The Future of Backups is here

19 Jul

Before the world turned towards consolidation of infrastructures, and IT was still considered a necessary business expense instead of the revenue generating department it is today, data was stored on dumb disc with zero optimization connected to its’ host server.  Then, as storage demands grew, technologists became smarter and found ways to optimize the way retain our data.  The adoption of the SAN has been universal.  A system specifically built to put provide your data the right tier of storage for the right performance and price while adding in efficiencies and value.

Just as we saw a major shift in storage from DAS and JBODs to SAN’s we are starting to see this major shift in backups from dumb tapes to purpose built backup appliances (PBBA).  PBBAs provide the same benefits to consumers and businesses as the SAN did.  Efficiencies, performance and cost savings.  With backup environments growing to around 20X the size of a company’s primary data storage and often exceeding business SLAs, it is no wonder IT managers are looking for new ways to manage their backup environments more efficiently.

In a 2011 IDC Market Analysis it was found that the PBBA market grew by over 43% y/y with a total market of $4.3 billion.  Additionally, analysts were all in agreement that they expected to see this amount of growth over the next couple of years as customers continue to take advantage of these feature sets, specifically, the ability to manage businesses SLAs for backups more effectively and to reduce the overall costs and footprints of their backup environment.

There are a couple of key features that PBBAs are taking advantage of to outshine JBODs and tape:

  1. Smaller Footprint and Cost.  By taking advantage of inline de-duplication customers can reduce their overall backup footprint by as much as 30:1 resulting in much fewer hard drives/tapes being cut, and inline means the deduplication occurs before it ever hits the backend so the data doesn’t need the original larger footprint.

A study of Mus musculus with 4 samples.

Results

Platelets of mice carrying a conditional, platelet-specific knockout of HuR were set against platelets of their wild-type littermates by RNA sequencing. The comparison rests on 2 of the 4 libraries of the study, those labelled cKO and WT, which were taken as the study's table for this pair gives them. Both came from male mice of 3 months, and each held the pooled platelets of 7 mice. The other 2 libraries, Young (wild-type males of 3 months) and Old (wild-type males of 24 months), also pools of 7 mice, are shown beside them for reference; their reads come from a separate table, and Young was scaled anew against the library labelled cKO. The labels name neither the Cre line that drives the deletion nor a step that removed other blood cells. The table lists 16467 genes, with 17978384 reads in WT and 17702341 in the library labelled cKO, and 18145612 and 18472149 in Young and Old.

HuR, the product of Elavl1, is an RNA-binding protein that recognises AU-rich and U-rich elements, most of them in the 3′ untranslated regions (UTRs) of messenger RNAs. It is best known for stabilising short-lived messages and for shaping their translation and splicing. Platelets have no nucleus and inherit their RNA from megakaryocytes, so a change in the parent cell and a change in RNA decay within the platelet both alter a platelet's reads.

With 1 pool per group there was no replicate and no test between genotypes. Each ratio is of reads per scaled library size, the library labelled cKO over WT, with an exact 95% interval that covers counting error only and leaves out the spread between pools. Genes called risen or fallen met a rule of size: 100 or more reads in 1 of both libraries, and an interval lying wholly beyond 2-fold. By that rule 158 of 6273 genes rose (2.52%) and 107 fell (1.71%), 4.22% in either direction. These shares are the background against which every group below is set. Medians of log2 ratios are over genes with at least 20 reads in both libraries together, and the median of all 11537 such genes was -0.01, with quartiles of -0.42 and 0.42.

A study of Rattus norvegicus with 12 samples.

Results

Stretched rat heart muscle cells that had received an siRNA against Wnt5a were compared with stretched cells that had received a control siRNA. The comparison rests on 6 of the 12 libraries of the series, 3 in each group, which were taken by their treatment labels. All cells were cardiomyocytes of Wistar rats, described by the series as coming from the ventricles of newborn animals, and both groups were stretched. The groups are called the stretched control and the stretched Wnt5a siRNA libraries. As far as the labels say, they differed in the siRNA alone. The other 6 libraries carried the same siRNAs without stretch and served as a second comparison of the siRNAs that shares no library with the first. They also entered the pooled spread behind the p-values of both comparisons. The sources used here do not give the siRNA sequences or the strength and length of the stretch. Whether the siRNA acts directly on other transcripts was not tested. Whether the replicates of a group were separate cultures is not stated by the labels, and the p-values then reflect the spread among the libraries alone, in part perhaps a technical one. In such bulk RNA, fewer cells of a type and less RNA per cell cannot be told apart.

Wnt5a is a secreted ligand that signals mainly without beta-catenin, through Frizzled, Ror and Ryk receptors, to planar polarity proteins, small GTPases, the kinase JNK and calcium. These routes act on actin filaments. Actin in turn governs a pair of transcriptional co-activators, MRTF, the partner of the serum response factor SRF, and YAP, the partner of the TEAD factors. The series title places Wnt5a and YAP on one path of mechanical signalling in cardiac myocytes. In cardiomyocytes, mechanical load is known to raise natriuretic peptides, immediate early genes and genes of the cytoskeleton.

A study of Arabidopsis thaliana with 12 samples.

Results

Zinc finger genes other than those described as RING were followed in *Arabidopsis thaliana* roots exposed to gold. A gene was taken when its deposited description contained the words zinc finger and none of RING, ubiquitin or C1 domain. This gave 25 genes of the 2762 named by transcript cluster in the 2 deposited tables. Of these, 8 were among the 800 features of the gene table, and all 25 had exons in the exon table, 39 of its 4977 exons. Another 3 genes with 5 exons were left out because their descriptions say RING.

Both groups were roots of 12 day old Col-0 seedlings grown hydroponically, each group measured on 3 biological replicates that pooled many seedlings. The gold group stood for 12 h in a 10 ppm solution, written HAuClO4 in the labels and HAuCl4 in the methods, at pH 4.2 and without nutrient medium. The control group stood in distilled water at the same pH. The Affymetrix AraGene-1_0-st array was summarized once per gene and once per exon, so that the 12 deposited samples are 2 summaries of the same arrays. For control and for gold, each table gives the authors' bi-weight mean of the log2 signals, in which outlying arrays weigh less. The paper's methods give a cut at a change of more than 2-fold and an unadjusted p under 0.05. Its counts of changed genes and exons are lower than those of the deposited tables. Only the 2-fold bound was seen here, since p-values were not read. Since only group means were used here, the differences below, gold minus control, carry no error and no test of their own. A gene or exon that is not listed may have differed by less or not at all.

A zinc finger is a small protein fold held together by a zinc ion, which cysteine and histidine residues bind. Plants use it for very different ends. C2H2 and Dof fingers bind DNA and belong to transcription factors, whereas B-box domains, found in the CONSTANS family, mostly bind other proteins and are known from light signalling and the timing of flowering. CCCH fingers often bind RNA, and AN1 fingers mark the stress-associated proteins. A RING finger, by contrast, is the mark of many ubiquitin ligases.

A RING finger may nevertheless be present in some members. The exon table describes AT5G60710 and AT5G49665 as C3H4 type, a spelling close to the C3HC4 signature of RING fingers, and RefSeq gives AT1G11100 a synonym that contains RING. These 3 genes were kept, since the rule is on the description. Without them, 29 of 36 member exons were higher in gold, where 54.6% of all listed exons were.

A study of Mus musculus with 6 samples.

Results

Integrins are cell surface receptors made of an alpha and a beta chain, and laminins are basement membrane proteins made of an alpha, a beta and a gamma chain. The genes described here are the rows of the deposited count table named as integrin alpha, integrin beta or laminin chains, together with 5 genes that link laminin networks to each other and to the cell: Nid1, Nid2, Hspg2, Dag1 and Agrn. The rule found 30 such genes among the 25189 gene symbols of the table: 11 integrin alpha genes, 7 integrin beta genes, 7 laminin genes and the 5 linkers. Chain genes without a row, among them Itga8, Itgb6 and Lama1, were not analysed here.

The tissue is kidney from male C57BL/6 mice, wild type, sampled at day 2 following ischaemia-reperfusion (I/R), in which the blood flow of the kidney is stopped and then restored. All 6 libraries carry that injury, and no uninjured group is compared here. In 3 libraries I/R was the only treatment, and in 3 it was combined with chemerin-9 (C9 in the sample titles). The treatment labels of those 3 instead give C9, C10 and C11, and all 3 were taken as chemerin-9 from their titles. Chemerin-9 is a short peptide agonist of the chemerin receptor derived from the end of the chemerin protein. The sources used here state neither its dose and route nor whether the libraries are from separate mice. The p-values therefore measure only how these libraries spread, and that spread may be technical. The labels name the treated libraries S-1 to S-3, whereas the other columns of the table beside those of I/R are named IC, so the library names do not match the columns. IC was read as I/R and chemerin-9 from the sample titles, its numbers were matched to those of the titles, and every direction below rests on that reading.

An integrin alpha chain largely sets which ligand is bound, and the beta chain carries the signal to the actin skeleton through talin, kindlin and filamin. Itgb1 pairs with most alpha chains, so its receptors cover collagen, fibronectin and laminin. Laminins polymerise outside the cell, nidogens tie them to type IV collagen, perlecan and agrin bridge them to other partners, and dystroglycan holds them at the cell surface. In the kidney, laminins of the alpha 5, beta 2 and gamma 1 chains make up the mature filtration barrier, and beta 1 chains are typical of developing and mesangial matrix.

2. Reduced backup windows.  Just by migrating backups from tapes to discs the average backup window can be cut from days (think your full over a weekend) to hours, and when de-duplication can me moved to the server layer every full now looks like an incremental.  Therefore, many customers are now able to take a full backup every night. 
  3. Reduced Recovery windows.  As businesses are now able to backup full’s every night, recoveries occur from a single batch job.
  4. Increased data integrity.  Tapes are known to fail 20% of the time, migrating to disc reduces risks around physical corruption.  Additionally, many PBBAs have built in integrity algorithms insuring the data being backed up isn’t already corrupted so that when you do need to recover, you know the data is good.

As primary data continues to grow at staggering paces, it is no wonder the industry is creating ways to manage growing backup environments more efficiently.